Chrysler's Lenders Make New Offer on Debt

DETROIT—Chrysler LLC's secured lenders are working on a second offer to the Treasury Department to cut the car maker's debt that moves them about $750 million closer to the government's last proposal, according to peole familiar with the matter, as the sides enter the final week of bargaining over the auto maker's fate.

The lending group has proposed cutting the $6.9 billion Chrysler owes them down to $3.75 billion, according to a person familiar with the offer. Previously, the lenders had proposed cutting Chrysler's debt to $4.5 billion.

The terms of the offer remained in flux as the lenders discussed the changes with Treasury officials, and could change. A formal offer is likely to come later Friday, the people said.

The creditors also dropped their request for $1 billion of preferred stock in Chrysler and that Fiat SpA put $1 billion of cash into Chrysler as part of an alliance between the car makers, the people said.

Striking an agreement with Chrysler's lenders is a key element in the government's restructuring of the company. The government is moving toward a Chapter 11 bankruptcy process that would allow the car maker to shed some liabilities.

The government has struck agreements with the United Auto Workers union as part of the plan, but the lenders potentially could disrupt a bankruptcy process if an agreement with them hasn't been reached.

The government has set an April 30 deadline to determine the auto maker's fate and has said Chrysler could be liquidated if deals with the banks and Fiat are not reached by then. Chrysler declined to comment.

Under the current plan, Chrysler would file for bankruptcy protection, allowing Fiat to pick and choose which operations it wants, according to people familiar with the situation. The U.S. government would provide bankruptcy financing for the reorganization.

The new offer from the creditors still leaves them far apart from the government's latest offer, which proposed the lenders trim what they are owed to $1.5 billion and receive a 5% stake in Chrysler.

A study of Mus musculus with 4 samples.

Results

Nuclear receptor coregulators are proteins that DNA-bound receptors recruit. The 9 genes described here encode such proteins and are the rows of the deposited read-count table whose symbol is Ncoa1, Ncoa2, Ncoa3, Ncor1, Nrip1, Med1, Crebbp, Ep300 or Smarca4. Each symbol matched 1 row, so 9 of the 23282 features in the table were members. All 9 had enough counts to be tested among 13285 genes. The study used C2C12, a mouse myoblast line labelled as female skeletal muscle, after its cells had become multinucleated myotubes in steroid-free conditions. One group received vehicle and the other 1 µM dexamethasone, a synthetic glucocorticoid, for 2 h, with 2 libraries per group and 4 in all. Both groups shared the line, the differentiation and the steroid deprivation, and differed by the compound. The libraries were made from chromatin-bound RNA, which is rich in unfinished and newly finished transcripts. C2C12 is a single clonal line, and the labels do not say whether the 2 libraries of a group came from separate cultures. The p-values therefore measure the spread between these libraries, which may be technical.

In making their case for a significantly smaller sacrifice than what the government wants, the lenders have argued that their fiduciary duty to their own shareholders and investors requires them to recoup as much as possible from the car maker. The lenders have told Treasury officials they believe they could recover at least 65% of their loans if Chrysler is liquidated in bankruptcy.

The steering committee of banks that made the counterproposal has eight members. The largest bank-debt holders are J.P. Morgan, Citigroup, Goldman Sachs Group Inc. and Morgan Stanley. The four hold about $4.3 billion of the debt, said people familiar with the matter.

Also on the committee are hedge fund Elliott Management, distressed-asset investor Stairway Capital Management, fund manager OppenheimerFunds and advisory and asset-management firm Perella Weinberg Partners. In all, an estimated 45 lenders and funds hold the Chrysler bank debt.

Meantime Friday, Chrysler Vice Chairman Jim Press told the company's dealers that it is facing "no pending bankruptcy," according to three people who listened in on a conference call the executive made with the dealers.

Mr. Press told dealers that nothing will be announced prior to late next week, when the latest federal deadline imposed on the company hits.

Mr. Press added that "nothing has changed" in regard to Chrysler's plans to restructure outside of bankruptcy court and forge an alliance with Fiat, those people said.

Mr. Press did hedge his bet on bankruptcy, however. He told dealers that if concessions cannot be obtained from all parties involved in the talks, bankruptcy may be necessary, the people on the call said. A Chrysler spokesperson could not immediately be reached for comment.

In the brief morning call, Mr. Press asked dealers to stay focused on selling vehicles. He also told dealers that April sales will lag behind those of other car makers, but that dealer inventory levels continue to decline.